How to Kill Your Blog Successfully – The Methods

This is the third post in a series for bloggers who might be considering killing their blogs. In the first post I covered the reasons you might be contemplating the dastardly deed, and in the second post I talked about factors you should consider before you do it. In this final post I’ll reveal the methods you can use to kill your blog successfully.

Just Stop Blogging

This is the most common method – just stop publishing new content and let it ride. Some bloggers leave the blog up until their hosting contract runs out and then it just disappears from the web. Before that happens, here are a few things to consider:

If your blog is still producing some income and it’s covering its own hosting fees, you might as well leave it up until it’s no longer paying for itself. Who knows? Your blog might just bounce back even stronger with the next Google update. It’s been known to happen, and if it does, won’t you be glad you didn’t kill your blog?

If you’re still getting traffic, even if it’s just a trickle, publish a post telling your readers what’s going on and how much longer you intend to leave the blog up. Some of your readers may be visiting your blog on a regular basis, using it as a reference. They may even surprise you and beg you to keep the blog up.

If you’re going to leave your blog up but stop maintaining it, consider shutting down comments to avoid comment spam that may damage your online reputation.

Just Delete It And Be Done With It

Don’t be too hasty. Unless there’s something horribly wrong and the blog is either hurting your pocketbook or damaging your reputation, don’t delete your blog until you’ve taken the time to calmly think it over. If you do decide to delete it, consider the following:

Let your readers know before you do it in case any of them want to copy a How-To article or save any other important information. Believe it or not, many of your readers are accessing the same articles over and over again, instead of saving your information in their own files.

You may also want to save some of that stellar content yourself, for use on a blog somewhere down the road.

Recycle It

If you’ve built up some authority on that domain, can you recycle your blog? Maybe if you blog in a slightly different niche you’ll have better results. If you’re still planning to blog, don’t kill the domain, just delete the content and start over again. But before you delete everything, take a look at your higher ranking pages to see if they can be salvaged or recycled so you can maintain those URLs.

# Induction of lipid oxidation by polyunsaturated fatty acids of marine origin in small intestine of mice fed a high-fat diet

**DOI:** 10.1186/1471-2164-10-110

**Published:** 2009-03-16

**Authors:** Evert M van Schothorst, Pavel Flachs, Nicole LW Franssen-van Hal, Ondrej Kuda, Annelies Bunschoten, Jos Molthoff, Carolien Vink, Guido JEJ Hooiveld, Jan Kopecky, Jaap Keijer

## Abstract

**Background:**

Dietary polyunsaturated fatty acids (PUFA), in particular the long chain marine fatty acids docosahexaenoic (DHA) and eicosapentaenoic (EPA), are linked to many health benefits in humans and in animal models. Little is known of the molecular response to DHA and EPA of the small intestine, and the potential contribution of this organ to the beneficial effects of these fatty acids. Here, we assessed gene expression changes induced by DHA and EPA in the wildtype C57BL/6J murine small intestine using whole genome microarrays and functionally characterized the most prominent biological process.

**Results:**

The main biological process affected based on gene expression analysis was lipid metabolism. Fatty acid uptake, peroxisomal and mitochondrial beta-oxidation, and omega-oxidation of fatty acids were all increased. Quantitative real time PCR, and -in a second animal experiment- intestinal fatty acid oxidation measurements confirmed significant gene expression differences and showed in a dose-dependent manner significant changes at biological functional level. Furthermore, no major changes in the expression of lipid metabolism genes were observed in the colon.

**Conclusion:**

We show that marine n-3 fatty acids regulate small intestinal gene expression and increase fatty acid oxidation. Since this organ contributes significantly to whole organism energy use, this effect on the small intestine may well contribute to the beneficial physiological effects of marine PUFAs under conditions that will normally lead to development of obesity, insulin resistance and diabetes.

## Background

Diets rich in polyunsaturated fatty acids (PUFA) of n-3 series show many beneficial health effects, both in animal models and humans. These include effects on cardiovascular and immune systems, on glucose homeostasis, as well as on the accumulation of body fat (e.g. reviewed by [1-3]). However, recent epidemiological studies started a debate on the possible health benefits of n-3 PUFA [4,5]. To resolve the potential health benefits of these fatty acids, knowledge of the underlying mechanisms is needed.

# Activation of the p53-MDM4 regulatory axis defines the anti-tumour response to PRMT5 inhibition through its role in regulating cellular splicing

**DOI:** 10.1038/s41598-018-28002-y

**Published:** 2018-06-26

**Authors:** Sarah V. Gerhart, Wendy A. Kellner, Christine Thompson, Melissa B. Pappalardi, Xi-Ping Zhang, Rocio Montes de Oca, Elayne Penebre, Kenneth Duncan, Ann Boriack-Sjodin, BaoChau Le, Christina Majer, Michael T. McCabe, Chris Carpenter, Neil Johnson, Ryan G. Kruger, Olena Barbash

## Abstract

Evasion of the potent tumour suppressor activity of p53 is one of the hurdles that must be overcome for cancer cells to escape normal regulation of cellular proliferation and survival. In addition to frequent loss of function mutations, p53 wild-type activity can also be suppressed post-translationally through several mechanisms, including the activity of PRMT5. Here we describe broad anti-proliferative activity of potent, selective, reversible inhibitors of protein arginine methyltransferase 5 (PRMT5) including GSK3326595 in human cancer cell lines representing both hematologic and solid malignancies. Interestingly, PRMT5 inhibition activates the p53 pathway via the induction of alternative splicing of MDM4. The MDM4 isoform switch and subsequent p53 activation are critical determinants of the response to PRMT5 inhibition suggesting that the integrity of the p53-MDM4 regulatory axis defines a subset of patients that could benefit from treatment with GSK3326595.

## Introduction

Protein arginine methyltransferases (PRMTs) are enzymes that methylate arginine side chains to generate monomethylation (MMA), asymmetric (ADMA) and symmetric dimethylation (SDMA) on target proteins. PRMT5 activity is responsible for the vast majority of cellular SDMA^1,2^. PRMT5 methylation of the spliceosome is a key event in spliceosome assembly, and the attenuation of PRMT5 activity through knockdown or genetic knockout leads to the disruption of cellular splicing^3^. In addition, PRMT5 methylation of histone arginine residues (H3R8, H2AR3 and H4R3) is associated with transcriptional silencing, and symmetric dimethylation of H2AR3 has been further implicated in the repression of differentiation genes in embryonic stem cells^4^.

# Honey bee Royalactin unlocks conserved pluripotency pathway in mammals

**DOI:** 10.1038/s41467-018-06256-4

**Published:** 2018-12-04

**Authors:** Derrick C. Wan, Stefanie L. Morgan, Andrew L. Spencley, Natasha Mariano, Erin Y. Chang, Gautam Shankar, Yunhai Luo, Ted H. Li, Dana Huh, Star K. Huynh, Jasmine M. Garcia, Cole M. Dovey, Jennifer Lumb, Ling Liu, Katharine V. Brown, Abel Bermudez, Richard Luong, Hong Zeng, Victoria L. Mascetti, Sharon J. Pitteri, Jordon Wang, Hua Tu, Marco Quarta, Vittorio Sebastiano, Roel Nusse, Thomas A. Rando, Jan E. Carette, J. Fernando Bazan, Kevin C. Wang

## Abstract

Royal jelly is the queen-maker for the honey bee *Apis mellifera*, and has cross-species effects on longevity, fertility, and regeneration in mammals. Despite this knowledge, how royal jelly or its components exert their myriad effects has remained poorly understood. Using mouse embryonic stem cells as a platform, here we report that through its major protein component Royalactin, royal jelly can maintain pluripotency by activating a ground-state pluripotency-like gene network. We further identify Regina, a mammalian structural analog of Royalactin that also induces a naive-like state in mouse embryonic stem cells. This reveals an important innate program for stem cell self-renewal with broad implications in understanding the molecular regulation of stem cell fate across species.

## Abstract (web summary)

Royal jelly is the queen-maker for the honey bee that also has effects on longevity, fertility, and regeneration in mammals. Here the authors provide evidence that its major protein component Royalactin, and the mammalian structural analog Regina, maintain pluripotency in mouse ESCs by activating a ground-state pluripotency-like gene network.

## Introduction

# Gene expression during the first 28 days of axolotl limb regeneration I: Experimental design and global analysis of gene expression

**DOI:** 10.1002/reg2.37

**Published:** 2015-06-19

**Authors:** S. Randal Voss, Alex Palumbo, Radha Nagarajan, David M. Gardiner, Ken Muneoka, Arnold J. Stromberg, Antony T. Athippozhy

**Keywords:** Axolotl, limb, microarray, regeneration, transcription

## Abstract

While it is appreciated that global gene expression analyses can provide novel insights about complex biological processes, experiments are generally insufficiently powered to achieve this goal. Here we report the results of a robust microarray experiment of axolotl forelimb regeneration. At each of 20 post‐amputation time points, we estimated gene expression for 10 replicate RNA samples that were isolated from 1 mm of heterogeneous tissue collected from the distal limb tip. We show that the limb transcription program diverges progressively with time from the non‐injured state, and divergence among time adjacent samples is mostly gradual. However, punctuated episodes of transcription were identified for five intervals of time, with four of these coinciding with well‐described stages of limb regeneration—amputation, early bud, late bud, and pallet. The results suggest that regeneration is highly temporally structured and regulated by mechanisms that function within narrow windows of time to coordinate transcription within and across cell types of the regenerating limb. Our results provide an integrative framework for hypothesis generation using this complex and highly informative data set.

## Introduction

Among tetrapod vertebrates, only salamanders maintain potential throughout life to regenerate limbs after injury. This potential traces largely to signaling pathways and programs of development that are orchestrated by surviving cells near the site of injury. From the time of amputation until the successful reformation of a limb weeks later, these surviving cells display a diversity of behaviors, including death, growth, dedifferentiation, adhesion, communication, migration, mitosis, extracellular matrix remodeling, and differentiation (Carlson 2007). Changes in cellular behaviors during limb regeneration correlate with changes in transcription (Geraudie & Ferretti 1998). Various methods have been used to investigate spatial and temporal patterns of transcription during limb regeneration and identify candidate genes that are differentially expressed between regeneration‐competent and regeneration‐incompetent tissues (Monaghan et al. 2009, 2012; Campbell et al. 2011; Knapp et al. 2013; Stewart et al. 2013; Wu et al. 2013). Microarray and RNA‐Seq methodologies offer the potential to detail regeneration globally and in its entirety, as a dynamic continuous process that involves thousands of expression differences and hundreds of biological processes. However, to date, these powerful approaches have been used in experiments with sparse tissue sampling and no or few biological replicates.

Hire A Blogger

If you’re just bored to death with that niche and can’t take it anymore, consider hiring a blogger to take over the content creation. You’ll need to look at the income and what it would cost to bring on a blogger. Also consider that if you do bring in a fresh viewpoint it might just revive your blog and increase the income.

Don’t Kill Your Blog – Sell It

Buying and selling blogs is big business these days. Before you decide to kill your blog, take a few days and spruce it up. Make sure all the links work, the sidebars are clutter-free, highlight your key posts, use plug-ins to build an internal linking structure and make sure the theme is appropriate for the blog, then go list it at Flippa.

You might make a little, you might make a lot, and you might just decide to keep it for yourself. After all, some blogs just need a little Spring Cleaning every now and then and they’re back in business again.

Stéphane Kerwer
Article written by Stéphane Kerwer (1995 Posts)
Bonjour from a french guy. My name is Stéphane Kerwer and Dukeo is my blog. I do most of the heavy lifting in here but from time to time, you may see some guest posts. To receive updates from Dukeo, follow us on Twitter or like us on Facebook.

  1. Howard Lee Harkness
    Howard Lee Harkness

    When the title of this post came up on my RSS feed, the first thought I had was, “Just pull the plug! How hard could that be?”

    I’m pleased to see that you have some better alternatives.

    In fact, the last one (Sell it) is exactly what the former owner of my blog did when he sold it to me. In the 6 months or so that I have owned it, I have increased the traffic and the income by a factor of 4, which allowed me to recover the cost of the blog much more quickly than the year on which the price of the blog was based.

    He got rid of it because he was tired of it, and it didn’t fit anymore with his goals. I don’t think I’ve come anywhere close to realizing the potential of the blog yet, but it’s been educational — and fun — working on it.